Writing about Writing

As some of you know, I’ve been reading a series of memoirs. Many of them start well. Then they bog down in the middle, have weak connections, or blather on much longer than they have any right to do. They refer to fascinating plot details that they don’t explain and, in general, let me down.

Two writers of the memoirs I’ve read recently have cavalierly referred to the books they’ve written without telling us a damn thing about them. I discourage the students I work with to write about writing. No one cares but other writers. I find superficial writing about writing boring as fuck. It’s like telling someone that you heard a really funny story the other day, and then not telling that story.

However, my memoir-enjoying dry spell has ended. I can name names and quote quotes. The Faraway Nearby by Rebecca Solnit is the kind of memoir I want to write. It is smart without being irritating. And Solnit does not waste time. She builds story upon story like a poet. It is no coincidence, I am sure, that Nick Flynn blurbed her book.

I love how Solnit writes about writing:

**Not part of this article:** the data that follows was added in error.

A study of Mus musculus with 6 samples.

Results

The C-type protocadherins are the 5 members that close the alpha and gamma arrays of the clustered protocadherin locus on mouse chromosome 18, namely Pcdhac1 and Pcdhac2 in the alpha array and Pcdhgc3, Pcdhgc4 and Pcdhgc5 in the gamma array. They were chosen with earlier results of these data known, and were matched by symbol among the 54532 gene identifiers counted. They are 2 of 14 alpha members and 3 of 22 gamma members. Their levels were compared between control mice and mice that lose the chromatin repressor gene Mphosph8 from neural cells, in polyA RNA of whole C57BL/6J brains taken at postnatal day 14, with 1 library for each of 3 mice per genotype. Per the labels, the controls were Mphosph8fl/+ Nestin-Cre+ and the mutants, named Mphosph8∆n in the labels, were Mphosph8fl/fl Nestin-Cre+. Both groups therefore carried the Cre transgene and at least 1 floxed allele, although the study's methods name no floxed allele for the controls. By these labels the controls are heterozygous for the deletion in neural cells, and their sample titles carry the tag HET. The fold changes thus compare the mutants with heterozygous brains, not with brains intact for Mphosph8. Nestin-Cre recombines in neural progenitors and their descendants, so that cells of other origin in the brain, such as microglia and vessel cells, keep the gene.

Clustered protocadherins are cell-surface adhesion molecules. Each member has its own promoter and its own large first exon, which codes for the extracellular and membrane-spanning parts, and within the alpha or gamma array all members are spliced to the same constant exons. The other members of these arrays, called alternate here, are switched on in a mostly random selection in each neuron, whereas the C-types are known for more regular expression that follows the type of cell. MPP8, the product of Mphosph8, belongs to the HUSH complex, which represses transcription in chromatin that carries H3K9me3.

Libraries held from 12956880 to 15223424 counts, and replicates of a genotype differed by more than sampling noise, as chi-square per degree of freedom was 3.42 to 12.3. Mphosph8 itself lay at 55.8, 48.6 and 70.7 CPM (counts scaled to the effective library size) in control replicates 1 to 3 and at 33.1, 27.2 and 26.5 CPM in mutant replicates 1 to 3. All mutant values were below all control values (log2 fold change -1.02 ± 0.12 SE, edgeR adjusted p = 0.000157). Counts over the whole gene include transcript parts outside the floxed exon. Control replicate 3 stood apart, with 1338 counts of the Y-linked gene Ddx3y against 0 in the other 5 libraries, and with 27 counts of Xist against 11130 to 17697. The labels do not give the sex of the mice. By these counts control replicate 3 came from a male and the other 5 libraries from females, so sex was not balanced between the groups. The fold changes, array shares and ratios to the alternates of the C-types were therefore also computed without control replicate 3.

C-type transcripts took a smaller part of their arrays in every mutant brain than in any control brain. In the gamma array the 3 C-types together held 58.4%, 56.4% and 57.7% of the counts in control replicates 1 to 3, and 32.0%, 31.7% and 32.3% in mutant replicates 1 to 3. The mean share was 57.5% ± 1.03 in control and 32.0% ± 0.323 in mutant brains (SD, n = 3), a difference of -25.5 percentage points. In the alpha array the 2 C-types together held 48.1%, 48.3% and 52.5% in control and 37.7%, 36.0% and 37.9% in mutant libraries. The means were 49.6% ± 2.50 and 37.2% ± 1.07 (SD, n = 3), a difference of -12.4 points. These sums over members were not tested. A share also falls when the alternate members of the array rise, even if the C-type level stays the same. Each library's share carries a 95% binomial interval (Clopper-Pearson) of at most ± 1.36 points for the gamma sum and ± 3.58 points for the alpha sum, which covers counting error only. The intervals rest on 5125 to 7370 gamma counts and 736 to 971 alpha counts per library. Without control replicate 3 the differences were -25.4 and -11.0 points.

“Writing is saying to no one and to everyone the things it is not possible to say to someone….Matters that are so subtle, so personal, so obscure, that I ordinarily can’t imagine saying them to the people to whom I’m closest. Every once in a while I try to say them aloud and find that what turns to mush in my mouth or falls short of their ears can be written down for total strangers. Said to total strangers in the silence of writing that is recuperated and heard in the solitude of reading. Is it the shared solitude of writing, is it that separately we all reside in a place deeper than society, even the society of two? Is it that the tongue fails where the fingers succeed, in telling truths so lengthy and nuanced that they are almost impossible aloud?” (p. 64)

Who writes about the way you write?


5 responses to “Writing about Writing

  1. I don’t know who writes about the way I write, but I do know that I recently read Stephen King’s On Writing again, and in the last two weeks I have heard Donna Tartt and Nicholas Baker interviewed. What they all had in common is that you have to write with the door shut. Completely. No one needs to be in the space, it is you and the ideas, you and the page. Not until you’re done do you let it loose upon the world. Having worked sharing things, and then not sharing things, I think they definitely made a valid point for me. Not sharing works infinitely better, otherwise you’re editing for others before you’re even started.

    • I hear you. I’ve heard both fiction and nonfiction writers talk about the importance if keeping it all close to the vest as long as possible. I agree completely. Even my husband hasn’t seen my memoir, 5 years into it.